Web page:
Aug 1, 2005
The AFL-CIO has split. Leaders of four large unions announced they would not attend the AFL-CIO convention. In the following days, three of the four unions – the Teamsters, the Service Employees (SEIU) and the United Food & Commercial Workers (UFCW) finished the job, confirming what everyone expected: They were quitting. There were speculations that other unions might also leave – specifically UNITE-HERE, plus perhaps the Laborers and the Farmworkers. They will join the Carpenters union which already had left the federation.
If the entire coalition leaves, that would account for nearly one-third of the dues paid to the federation.
Jimmy Hoffa Jr., Andy Stern and Joe Hansen, leaders of the three unions that already left, say they are leaving so they can organize new members.
If there is anything that needs to be done these days, it's to organize. Less than 8% of the private work force is in a union. Even counting public employees – teachers, government workers, police and firefighters – the overall rate of unionization is an abysmal 12%, down from 35% when the AFL and the CIO merged in 1955.
What does the coalition propose? It wants existing unions to merge into bigger unions, saying that this would allow labor to concentrate its forces on organizing.
If merging smaller unions into bigger unions would have paved the way to organizing and gaining more members, then the union movement should be vibrantly alive today. Between 1978 and today, there were at least 110 mergers of smaller unions into bigger ones. During the 10 years that John Sweeney has headed the AFL-CIO, there have been 31 mergers. Instead of breathing new life into the federation, merging only seems to have turned it into a bunch of old men, running out of breath.
In fact, merging was little more than a bureaucratic answer to the continuing decline in membership. Losing members, the unions lost dues. The bigger unions turned to gobbling up smaller ones to keep the money coming in to support their headquarters, their apparatus and their usual way of functioning.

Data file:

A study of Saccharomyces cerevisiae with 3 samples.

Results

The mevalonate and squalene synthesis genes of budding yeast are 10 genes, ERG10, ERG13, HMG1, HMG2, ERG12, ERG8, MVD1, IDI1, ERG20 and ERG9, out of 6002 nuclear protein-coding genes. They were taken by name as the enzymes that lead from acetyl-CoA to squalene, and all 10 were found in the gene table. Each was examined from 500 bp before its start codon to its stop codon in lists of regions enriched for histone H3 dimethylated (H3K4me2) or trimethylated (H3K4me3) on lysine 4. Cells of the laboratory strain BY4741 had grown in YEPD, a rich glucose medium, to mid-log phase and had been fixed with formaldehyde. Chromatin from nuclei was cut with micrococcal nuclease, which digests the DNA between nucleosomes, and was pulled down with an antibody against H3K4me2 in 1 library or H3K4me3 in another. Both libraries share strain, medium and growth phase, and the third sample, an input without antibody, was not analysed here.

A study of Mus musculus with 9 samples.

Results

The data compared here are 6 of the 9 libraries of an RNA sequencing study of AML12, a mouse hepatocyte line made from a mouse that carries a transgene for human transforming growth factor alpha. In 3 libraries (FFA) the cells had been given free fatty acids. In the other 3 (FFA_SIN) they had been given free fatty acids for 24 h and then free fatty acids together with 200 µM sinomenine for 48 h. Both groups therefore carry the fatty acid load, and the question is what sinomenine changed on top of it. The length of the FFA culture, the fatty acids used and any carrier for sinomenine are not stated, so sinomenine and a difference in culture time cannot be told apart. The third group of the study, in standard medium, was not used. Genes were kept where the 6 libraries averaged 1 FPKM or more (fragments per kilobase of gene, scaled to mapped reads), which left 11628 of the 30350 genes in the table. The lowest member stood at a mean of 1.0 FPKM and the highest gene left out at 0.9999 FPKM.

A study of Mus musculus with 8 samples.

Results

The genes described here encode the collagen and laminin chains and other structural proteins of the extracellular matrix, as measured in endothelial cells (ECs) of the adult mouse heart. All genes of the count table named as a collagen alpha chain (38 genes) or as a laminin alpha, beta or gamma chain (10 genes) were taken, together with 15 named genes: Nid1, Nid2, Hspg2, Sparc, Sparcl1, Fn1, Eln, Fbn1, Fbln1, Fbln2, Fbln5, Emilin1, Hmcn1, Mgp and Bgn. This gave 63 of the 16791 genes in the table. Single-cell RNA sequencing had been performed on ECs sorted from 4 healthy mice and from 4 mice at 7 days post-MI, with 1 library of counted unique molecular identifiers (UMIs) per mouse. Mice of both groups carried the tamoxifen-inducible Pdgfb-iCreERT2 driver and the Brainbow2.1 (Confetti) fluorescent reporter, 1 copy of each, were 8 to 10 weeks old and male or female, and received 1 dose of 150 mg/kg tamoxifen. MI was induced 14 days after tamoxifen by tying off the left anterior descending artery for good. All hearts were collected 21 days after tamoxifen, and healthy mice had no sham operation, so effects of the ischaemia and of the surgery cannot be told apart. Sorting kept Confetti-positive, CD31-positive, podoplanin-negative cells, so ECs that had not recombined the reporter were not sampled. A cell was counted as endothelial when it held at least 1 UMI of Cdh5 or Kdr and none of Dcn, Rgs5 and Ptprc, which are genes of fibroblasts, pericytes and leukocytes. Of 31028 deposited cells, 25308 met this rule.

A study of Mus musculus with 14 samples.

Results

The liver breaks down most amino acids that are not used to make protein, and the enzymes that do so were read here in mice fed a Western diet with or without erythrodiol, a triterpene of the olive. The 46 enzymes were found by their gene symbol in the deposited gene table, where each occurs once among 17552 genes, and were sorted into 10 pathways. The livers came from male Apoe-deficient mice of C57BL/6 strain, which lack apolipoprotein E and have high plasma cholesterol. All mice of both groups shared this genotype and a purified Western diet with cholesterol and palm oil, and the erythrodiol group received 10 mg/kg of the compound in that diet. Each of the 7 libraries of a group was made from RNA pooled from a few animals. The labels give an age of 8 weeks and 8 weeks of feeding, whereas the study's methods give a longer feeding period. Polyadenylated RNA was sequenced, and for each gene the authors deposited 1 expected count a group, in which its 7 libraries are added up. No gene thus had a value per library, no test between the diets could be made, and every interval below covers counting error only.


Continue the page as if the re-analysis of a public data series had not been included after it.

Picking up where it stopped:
Proposing to merge was the bureaucrats' way to avoid the main problem: Why couldn't they convince workers to join them?
It certainly wasn't because workers had no reason to organize. The conditions literally push people to organize themselves today. But to take that step, sometimes risking a lot to confront the bosses, workers have to have confidence that when they make a fight, the union they are trying to join will back them up.
The whole federation, starting with the unions that split, is littered with the corpses of strikes that union leaders gave only grudging support to – starting with the Detroit newspaper strike of 1995, the UPS strike of 1997 up to the California supermarket strike of 2004 – not to mention the Hormel strike of 1985. The man leading the attack on the Hormel strikers, cutting them off from strike benefits and all support, taking over their local, was none other than the UFCW's Joe Hansen, who today is one of the leaders of the new coalition.
The hallmark of those who are at the top of the unions today – whether they stay in the federation or leave – is their readiness to defend the profits of "their own" bosses at the workers' expense.
If the labor movement is to be revitalized today, it will be by the same forces that built it in the first place – the mass activity of workers striking to improve their situation, linking up with each other to make massive struggles across union lines. Unions did not grow based on decisions taken behind closed doors over which union would get the dues of which group of workers. They grew up based on millions of workers out in the streets around the country, clogging up the ordinary functioning of the capitalist economy, forcing the bosses to come to terms with them.
It's true that the labor movement needs a new start and a new leadership – it needs militants ready to base themselves on the fighting capacities of the working class.